Monday, August 15, 2011


Other than our parents, coaches and teachers create the biggest imprints on our lives.  I've had four coaches as a runner.  First there was Steve Sublett in high school, who kept running as fun as possible.  During my short stint as a runner at Kansas, Bob Timmons while a legend, didn't do me any favors.  Tom Dowling came along when I turned 30 and broke down training barriers I never thought possible, plus he made each and every one of his athletes feel special.  I also ran for a short time for Fred Moore in Phoenix and he taught me how to train and race by teaching me not to try so hard.

But the coach I may have learned the most from never coached me.  I met Ben Meseke in the summer of 1991 just before the start of the cross country season.  I went to Hayden High School hoping to volunteer as a coach.  It was a match made in heaven.

Meseke was better known as one of the best high school basketball coaches in the state of Kansas. His best known player, Mark Turgeon, started at Kansas and now coaches at Maryland.  Ben just happened to also be one of the best cross country coaches in Kansas too.  I knew Hayden had enjoyed success in cross country but never realized that their great hoops coach had built both programs.

Ben was pleasantly surprised when I showed up in his math classroom.  He needed my help, confiding to me that he had just been diagnosed with a heart ailment that would prevent him from hitting the road with his runners.  I was the perfect substitute.  He was also a disciple of the legendary running coach Arthur Lydiard which was a major plus in my book.

I got to spend the next two falls watching Coach Meseke in action.  He had an uncanny talent for taking a small group of boys and turn them into world beaters.  He endlessly recruited kids to the program hoping to get 20 or so out for the team, knowing he needed some depth because of the mileage he would pour onto these young men right from the start would undoubtedly leave a few hobbled.  Mileage and pace work made up the first two-thirds of the season with speed getting added into the mix over the last third.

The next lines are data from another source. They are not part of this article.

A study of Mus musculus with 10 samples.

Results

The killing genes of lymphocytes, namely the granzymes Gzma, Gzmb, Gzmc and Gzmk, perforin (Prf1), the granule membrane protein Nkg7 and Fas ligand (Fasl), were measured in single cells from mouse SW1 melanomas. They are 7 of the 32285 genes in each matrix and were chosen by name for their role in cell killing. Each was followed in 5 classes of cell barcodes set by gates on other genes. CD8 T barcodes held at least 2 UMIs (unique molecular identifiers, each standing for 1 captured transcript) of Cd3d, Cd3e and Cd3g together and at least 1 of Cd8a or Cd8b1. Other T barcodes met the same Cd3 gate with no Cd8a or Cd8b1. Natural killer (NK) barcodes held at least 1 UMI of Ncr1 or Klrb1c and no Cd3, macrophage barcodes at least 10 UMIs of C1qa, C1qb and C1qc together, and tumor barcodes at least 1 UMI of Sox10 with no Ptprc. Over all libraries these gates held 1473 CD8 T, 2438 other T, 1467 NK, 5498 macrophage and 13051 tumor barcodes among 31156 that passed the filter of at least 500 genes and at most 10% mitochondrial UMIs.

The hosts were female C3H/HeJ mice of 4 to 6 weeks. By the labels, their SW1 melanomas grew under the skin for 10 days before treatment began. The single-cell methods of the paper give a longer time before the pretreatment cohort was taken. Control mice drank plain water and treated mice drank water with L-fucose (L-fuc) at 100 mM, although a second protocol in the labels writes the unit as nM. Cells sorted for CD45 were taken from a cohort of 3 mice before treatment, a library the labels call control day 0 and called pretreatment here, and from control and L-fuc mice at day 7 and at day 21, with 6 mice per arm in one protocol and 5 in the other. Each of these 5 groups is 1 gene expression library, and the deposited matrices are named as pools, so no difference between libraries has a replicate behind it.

He kept a treasure trove of statistics, something that was a holdover from his time as a basketball coach, which allowed him to carefully measure each boy's progress, or the team's, against previous meets or seasons.  This love of numbers allowed Coach Meseke to immediately grasp the strengths and weaknesses of his teams.  He was a big believer of having his squads run off the pace and pouring it on over the last mile.  Meseke even had a designated pacer who worked to keep the Hayden pack together.

After 30 years at Hayden which included six state championships in basketball and six more in cross country, Meseke went looking for a bigger challenge signing on as head basketball coach at Shawnee Mission Northwest.  Cross country was out of the question as Northwest is led by the most successful coach in Kansas history, Van Rose.  Northwest's basketball fortunes improved considerably under Meseke's guidance although he never claimed a title for the Cougars.

A year ago his heart conditioned forced a transplant and a year away from hoops.  Coach Meseke made it back for the 2010-2011 campaign but that would be it for Ben.  He announced this summer his retirement from coaching.

Ben Meseke filled in the missing pieces about running that I hadn't learned from Tom Dowling and Fred Moore.  He showed me that you didn't need a pack of kids running all summer to be a successful coach.  Most of all he showed me how much fun you can have in training, whether it was his crow flight runs or the bike runs, workouts with Coach Meseke always offered something different, something to keep this old runner interested in what's coming next.